A new television season is ramping up, heavy dramas are returning, and football is back, so I found myself wanting to gently nudge CBS’s two-hour BrainDead series finale out the door last night so I could move on to other things. By the end of what will surely be the series finale, however, I began to feel wistful for the kind of clever light drama that we probably won’t see again until next summer, and the kind of political satire that BrainDead represents that we may never see again after an election year that has outflanked all comers.
In fact, when we are felled by the impending Idiocracy and the people who inhabit this planet 50,000 years from now look back at 2016, they may find video footage of both our election’s current campaign and BrainDead and wonder which is reality: The one where an arrogant orange man topples our democracy, or the one where space bugs invade the brains of our politicians and intensify their partisanship until another civil war erupts.
Thankfully, we were spared the latter outcome in BrainDead after Mary Elizabeth Winstead’s Laurel Healy helped engineer a plan to kill the queen bug; her Senator brother Luke staged a campy sit-in to protest a farm bill designed to build hothouses for the bugs’ continued survival; and Gareth survived a well-choreographed murder attempt by a ballet dancer. Laurel also discovered the one weapon more powerful than whiskey, sex, and chocolate in ridding the brain of those bugs: Shame. It’s an emotion the bugs cannot survive, as Laurel learned when she shamed her own father back into his Parkinson’s disease.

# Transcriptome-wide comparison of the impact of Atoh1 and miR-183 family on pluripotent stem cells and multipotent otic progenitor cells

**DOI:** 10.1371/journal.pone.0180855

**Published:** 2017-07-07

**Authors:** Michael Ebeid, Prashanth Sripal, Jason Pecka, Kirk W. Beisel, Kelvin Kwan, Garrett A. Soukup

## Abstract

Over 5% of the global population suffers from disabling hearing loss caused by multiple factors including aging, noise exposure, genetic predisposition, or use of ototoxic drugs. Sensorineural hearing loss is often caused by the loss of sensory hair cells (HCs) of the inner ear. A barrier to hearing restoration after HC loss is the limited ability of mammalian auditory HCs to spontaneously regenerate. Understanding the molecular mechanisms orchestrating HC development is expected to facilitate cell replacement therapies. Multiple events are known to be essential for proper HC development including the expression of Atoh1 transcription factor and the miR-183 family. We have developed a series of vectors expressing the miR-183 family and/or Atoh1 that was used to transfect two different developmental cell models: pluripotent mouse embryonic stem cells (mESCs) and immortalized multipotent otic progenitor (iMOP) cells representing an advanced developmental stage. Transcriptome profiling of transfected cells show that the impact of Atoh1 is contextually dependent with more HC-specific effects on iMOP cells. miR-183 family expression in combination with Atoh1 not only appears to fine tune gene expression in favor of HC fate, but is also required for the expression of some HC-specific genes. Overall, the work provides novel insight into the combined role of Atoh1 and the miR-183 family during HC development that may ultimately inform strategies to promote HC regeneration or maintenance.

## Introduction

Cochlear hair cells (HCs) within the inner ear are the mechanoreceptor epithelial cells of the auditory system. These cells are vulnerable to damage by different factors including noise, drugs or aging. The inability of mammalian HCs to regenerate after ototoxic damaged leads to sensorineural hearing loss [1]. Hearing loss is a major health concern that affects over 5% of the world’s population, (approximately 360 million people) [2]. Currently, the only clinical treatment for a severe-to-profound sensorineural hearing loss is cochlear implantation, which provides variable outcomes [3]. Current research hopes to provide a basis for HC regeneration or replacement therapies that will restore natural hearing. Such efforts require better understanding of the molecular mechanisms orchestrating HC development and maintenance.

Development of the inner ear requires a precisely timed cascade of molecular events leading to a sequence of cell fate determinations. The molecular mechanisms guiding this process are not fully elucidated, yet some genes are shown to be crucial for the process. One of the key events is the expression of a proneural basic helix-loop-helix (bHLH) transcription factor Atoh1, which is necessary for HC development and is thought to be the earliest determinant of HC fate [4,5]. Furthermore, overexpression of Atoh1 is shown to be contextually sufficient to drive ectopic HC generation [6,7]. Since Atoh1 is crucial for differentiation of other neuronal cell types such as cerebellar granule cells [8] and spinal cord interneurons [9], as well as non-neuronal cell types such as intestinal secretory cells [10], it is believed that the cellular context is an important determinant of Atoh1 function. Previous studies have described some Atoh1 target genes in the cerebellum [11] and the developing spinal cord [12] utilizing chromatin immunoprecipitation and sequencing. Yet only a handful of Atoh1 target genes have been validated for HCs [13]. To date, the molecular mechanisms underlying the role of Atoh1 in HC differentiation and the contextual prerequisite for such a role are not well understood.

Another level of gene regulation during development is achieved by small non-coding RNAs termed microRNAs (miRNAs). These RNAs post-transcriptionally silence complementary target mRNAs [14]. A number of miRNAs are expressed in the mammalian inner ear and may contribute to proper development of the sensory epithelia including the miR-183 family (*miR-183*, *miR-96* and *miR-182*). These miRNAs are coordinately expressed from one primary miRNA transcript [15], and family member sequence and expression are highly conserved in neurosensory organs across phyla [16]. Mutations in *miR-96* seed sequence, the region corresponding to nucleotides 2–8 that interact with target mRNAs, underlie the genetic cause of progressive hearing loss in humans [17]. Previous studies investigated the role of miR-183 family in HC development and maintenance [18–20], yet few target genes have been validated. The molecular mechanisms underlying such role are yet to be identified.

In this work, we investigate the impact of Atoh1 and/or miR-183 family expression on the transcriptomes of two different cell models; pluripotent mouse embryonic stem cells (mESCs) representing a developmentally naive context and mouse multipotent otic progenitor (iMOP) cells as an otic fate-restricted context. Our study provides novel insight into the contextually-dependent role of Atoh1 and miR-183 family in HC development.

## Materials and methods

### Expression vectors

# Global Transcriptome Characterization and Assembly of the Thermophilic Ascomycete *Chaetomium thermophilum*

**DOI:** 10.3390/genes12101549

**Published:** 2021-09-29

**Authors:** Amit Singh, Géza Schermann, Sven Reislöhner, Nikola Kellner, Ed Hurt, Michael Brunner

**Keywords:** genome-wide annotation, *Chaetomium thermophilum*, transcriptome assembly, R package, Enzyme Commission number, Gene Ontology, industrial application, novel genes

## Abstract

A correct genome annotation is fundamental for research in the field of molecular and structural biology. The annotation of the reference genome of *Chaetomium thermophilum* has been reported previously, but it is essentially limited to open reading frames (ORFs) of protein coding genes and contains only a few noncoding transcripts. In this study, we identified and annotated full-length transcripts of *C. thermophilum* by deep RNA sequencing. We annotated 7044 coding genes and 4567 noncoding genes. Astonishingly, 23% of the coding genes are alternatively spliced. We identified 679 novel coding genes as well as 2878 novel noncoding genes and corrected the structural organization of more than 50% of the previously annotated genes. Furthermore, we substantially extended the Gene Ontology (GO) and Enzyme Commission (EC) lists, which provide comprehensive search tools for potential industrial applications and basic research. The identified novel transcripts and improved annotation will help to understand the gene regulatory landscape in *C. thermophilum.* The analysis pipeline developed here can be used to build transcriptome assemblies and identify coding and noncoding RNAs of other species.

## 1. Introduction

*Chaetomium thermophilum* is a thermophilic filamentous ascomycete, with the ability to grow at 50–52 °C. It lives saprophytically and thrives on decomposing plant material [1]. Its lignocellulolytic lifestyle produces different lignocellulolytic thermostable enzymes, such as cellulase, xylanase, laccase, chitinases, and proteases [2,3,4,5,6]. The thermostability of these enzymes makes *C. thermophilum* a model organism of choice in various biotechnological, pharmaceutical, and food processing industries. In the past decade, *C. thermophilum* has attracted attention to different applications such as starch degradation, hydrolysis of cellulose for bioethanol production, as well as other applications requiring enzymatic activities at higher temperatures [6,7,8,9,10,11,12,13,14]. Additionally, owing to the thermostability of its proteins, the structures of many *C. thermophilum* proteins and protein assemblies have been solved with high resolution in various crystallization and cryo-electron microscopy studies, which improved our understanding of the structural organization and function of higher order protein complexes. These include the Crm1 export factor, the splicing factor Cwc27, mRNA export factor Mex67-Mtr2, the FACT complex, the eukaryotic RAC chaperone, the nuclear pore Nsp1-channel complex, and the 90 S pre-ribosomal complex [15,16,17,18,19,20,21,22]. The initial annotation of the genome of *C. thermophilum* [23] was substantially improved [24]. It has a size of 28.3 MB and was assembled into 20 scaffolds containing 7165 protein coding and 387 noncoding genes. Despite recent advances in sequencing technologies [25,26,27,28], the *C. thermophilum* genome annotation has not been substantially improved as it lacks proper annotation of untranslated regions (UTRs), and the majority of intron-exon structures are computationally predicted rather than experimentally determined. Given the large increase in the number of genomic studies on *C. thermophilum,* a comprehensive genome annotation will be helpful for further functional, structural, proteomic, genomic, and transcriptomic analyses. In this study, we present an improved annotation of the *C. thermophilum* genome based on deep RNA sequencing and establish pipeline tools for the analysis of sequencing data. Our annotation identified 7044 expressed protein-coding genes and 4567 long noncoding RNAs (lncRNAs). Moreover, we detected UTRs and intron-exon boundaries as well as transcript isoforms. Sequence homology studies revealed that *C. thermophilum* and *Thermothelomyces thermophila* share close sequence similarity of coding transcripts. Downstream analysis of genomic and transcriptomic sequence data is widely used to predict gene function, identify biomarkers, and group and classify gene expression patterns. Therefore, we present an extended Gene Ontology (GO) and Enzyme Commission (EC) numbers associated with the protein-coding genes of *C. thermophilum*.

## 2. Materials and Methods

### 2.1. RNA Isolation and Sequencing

Ultimately, it all ended happily ever after, give or take a few exploding heads, a bullet wound in Red’s ass, and a Congress made up of a number of members who only possess 60 percent of their brain, not that anyone would notice. To that end, as great as Winstead has been this season, Tony Shalhoub needs to be singled out for his many excellent comedic contributions, culminating in the finale with a Veep-worthy performance of comedic violence and word salad.
We’d also be remiss if we didn’t once again highlight the contributions of singer/songwriter Jonathan Coulton, who provided the previously-on songs that caught us up before every episode and sang us out in the finale with the musical epilogue. He’s what we’ll miss the most about BrainDead, and it’s a damn shame the gimmick will be lost to a single-season series, because that guy should be doing previously-on segments for every show.
Meanwhile, Michelle and Robert King have moved on to their The Good Wife spin-off; Mary Elizabeth Winstead will be more than fine; Aaron Tvelt will surely land on his feet; and Danny Pino has a long career ahead of him as a generic good-looking guy in network dramas. I worry, however, about Nikki M. James and, especially, Johnny Ray Gill, who played Gustav, a conspiracy theorist who ended up being an NSA agent on sabbatical. I’ve only seen him in this and Rectify, and I’d hate to lose the weekly dose of conspiracy-minded quirk he provides, which is reason enough to bring back X-Files again, if only to make Gill a series regular as a consultant to Scully and Mulder.
So long, Braindead: You got us through a rough summer by reminding us that fictional politics can be almost as insane as real-world politics.